1. Dubai, United Arab Emirates

Dubai is a tourist hotspot all year round, but during the month of Ramadhan, Dubai is even more enchanting. In addition to the tourist amenities that Dubai offers on a regular basis, visitors during Ramadhan can participate in events organized by the local government, aimed at educating and reminding the public of the meaning and importance of the Holy time. Iftar is announced in Dubai by the sounding of cannons. Hotels often construct Ramadhan Majlis (Arabic tents) decorated with ornate cushions and Persian carpets in which to celebrate the Iftar meal every evening. The meal includes a variety of cuisines reflecting Arabic culture. These meals are typically held after the sundown prayers have taken place, when the celebration really begins. Dubai possibly offers more services for non-fasters than other destinations.

Special Food to try:
Harees – local delicacy of shredded lamb and boiled wheat that is crushed together in a wooden press.

2. Istanbul, Turkey

The ancient city of Istanbul was the capital of Islamic culture during the Ottoman Empire and stays true to its roots through its festive celebrations of Ramadhan. The local governments subsidise the construction of Iftar tents in which fasters and non-fasters can come together to celebrate and at night the city’s public spaces become filled with spiritual celebration; public readings of the Qu’ran occur and markets open with stalls and vendors selling traditional snacks and religious books and ornaments. Street performances of shadow puppets and traditional folk dances commence. Furthermore, Ramadhan is an ideal time to visit Istanbul’s famous Blue Mosque to learn about and experience the Muslim faith.

Special Foods to try (There are so many specialities to be had in Istanbul – here are some favourites)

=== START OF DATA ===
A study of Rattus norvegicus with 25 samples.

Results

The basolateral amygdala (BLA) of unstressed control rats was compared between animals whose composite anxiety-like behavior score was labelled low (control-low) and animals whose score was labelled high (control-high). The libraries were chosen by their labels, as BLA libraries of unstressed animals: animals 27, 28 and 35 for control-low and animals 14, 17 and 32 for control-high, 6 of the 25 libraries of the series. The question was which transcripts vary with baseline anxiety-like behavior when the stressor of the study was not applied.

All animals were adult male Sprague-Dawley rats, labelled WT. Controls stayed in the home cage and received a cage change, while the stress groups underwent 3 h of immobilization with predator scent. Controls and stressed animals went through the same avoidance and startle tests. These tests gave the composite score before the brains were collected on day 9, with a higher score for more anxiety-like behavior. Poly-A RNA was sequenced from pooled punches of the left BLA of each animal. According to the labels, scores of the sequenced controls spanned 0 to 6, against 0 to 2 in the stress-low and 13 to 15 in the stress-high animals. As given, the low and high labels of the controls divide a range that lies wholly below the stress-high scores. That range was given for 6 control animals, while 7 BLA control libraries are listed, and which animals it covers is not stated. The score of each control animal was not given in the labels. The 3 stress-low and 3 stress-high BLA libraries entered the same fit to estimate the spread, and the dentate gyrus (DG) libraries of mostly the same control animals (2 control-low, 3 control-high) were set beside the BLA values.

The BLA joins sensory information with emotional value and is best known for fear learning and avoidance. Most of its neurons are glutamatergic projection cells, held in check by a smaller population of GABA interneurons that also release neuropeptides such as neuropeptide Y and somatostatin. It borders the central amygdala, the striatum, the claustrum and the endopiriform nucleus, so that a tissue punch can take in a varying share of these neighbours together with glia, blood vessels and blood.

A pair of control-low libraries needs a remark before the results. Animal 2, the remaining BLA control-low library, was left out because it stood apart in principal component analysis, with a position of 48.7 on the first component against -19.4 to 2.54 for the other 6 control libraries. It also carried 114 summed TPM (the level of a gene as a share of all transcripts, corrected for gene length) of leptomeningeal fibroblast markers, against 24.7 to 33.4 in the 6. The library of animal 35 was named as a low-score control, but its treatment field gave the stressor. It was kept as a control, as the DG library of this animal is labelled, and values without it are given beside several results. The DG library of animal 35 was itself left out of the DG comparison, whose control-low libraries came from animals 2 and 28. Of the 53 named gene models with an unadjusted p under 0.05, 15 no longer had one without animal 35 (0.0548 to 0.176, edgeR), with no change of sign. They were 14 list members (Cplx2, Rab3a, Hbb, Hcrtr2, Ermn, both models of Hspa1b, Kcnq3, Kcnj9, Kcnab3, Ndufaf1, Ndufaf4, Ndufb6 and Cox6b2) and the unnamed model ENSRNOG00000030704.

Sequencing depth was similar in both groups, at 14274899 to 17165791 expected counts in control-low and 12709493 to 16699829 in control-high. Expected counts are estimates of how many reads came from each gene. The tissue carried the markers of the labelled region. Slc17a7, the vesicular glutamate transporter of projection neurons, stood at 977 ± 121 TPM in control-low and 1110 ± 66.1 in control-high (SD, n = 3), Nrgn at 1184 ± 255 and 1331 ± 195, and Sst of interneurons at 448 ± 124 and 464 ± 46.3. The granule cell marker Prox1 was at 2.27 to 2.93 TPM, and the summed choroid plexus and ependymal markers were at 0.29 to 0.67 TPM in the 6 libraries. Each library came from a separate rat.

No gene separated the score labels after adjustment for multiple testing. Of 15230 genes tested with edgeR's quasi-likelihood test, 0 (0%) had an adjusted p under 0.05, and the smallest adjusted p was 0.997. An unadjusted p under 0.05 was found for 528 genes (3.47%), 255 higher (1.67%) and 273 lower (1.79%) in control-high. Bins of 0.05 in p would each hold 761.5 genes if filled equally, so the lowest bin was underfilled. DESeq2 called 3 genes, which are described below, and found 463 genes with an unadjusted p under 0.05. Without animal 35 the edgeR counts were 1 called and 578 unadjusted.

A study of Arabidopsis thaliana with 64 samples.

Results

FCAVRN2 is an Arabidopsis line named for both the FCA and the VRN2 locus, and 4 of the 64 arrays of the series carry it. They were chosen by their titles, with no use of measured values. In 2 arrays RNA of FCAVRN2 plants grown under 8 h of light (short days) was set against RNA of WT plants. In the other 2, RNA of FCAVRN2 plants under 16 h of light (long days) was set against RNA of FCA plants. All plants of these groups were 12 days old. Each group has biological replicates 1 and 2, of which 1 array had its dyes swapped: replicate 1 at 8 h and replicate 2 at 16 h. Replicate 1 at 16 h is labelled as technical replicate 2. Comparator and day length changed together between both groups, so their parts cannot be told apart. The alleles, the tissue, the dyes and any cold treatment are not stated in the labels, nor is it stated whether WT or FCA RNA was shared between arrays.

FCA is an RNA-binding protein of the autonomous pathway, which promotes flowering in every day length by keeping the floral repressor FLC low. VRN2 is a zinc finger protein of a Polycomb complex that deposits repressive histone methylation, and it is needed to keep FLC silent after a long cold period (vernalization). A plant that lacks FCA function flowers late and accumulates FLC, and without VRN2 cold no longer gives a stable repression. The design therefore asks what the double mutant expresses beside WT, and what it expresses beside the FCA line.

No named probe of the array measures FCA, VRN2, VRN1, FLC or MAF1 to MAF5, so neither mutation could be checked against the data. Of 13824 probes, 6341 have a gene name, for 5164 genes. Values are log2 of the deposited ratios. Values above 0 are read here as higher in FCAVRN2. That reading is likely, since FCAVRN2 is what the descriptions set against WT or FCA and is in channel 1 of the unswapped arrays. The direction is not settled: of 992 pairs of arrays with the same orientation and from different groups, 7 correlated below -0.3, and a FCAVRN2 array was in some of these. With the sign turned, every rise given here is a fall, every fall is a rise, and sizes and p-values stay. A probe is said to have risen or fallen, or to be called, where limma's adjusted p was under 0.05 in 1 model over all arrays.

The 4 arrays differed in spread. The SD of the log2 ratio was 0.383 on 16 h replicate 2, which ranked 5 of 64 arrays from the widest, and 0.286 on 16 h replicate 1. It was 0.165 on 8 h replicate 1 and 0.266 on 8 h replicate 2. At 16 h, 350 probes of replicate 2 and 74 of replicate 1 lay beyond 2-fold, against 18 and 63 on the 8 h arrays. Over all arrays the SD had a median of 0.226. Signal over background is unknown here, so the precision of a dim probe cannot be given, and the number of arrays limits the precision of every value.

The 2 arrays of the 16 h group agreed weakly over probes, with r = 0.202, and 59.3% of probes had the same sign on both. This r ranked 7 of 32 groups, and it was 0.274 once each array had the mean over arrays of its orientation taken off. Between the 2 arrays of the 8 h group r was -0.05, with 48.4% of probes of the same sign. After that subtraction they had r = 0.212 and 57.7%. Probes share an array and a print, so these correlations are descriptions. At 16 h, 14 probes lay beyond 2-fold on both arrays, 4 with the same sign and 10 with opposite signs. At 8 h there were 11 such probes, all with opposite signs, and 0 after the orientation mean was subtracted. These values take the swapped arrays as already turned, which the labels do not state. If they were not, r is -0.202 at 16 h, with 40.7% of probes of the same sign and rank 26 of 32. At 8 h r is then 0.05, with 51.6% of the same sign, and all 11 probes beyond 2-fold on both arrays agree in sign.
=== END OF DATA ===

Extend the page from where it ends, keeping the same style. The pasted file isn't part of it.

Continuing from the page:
Durum – Turkish doner kebab but not as you know it!

Fırın Sütlaç – baked rice pudding

 

3. Kuala Lumpur, Malaysia

Ramadhan in Malaysia is particularly known for its special food markets and bazaars that sell a wide variety of traditional snacks, delicacies and desserts, many of them unique to Malaysia as a result of the nation’s cultural diversity. Locals frequent the markets, making them a great place for tourists and non-fasters to interact and celebrate with the locals and fasters. It is not uncommon for tourists to be invited to celebrate with locals and their families. Celebrations also include special performances of traditional dances. The Mosques in Kuala Lumpur depict the mix between the traditional design with more modern architecture.

Special Foods to try:
Bubur Lambuk – Creamy rice porridge with pieces of meat, sweet potatoes, spices and coconut milk. It is typically prepared in large batches and served free to the public at sunset.
Nasi dagang – really tasty! Consis of rice steamed in coconut milk, fish curry and extra ingredients such as fried shaved coconut, solok lada, hard-boiled eggs and vegetable pickles.

4. Fes, Morocco

The Old Medina in Fes is another hub of Muslim culture. Walking around the medieval walled city, visitors can embrace the history and culture while experiencing the bustling modern life of the city. It is also the site of the world’s oldest university, al-Qarawiyyin, and numerous Mosques that serve as gateways into the rich Muslim culture. The breaking of the fast is a great opportunity to mix with the local people and try the traditional Moroccan Iftar meal, as it differs slightly from place to place. There are family filled funfairs in the public squares and music and light shows are not uncommon. As in Dubai, a cannon will be fired to signal the beginning and end of the fast.

Special Foods to try:

Sellou – an unbaked sweet made with toasted sesame seeds, almonds and flour and browned in the oven
Chebakia – a sesame cookie which is fried and coated in honey.  These are prepared in large quantities in advance.
B’ssara and Harrira – Broad bean soup and the latter has shredded meat and chickpeas.
Tagine with couscous – 
In many different varieties, from lamb and prunes to chicken with sultanas and cranberries.

5. Cairo, Egypt

The city of Cairo was where many ancient civilisations met, resulting in a mixed cultural heritage. However, during the holy month of Ramadhan, Egyptians are seen to embrace the Islamic roots of the city and visitors will see festive Ramadhan lanterns decorating the homes, restaurants and streets of Cairo. The lanterns are lit at sunset, signaling the end of the fast and turned off when the sun rises in preparation for the day of fasting. After the Iftar meal, people flood the city’s streets and markets, making them especially lively. Cairo’s main tourist attractions all remain open during Ramadhan, although may close earlier and for Eid Al Fitr. Cairo boasts some of the world’s most beautiful examples of historic Islamic architecture and visitors to these sites will appreciate the heightened feeling of celebration.

Special Foods to try:
Mahshi – Vegetables stuffed with flavoured rice.
Atayef – Pancakes filled with nuts and served with syrup and honey.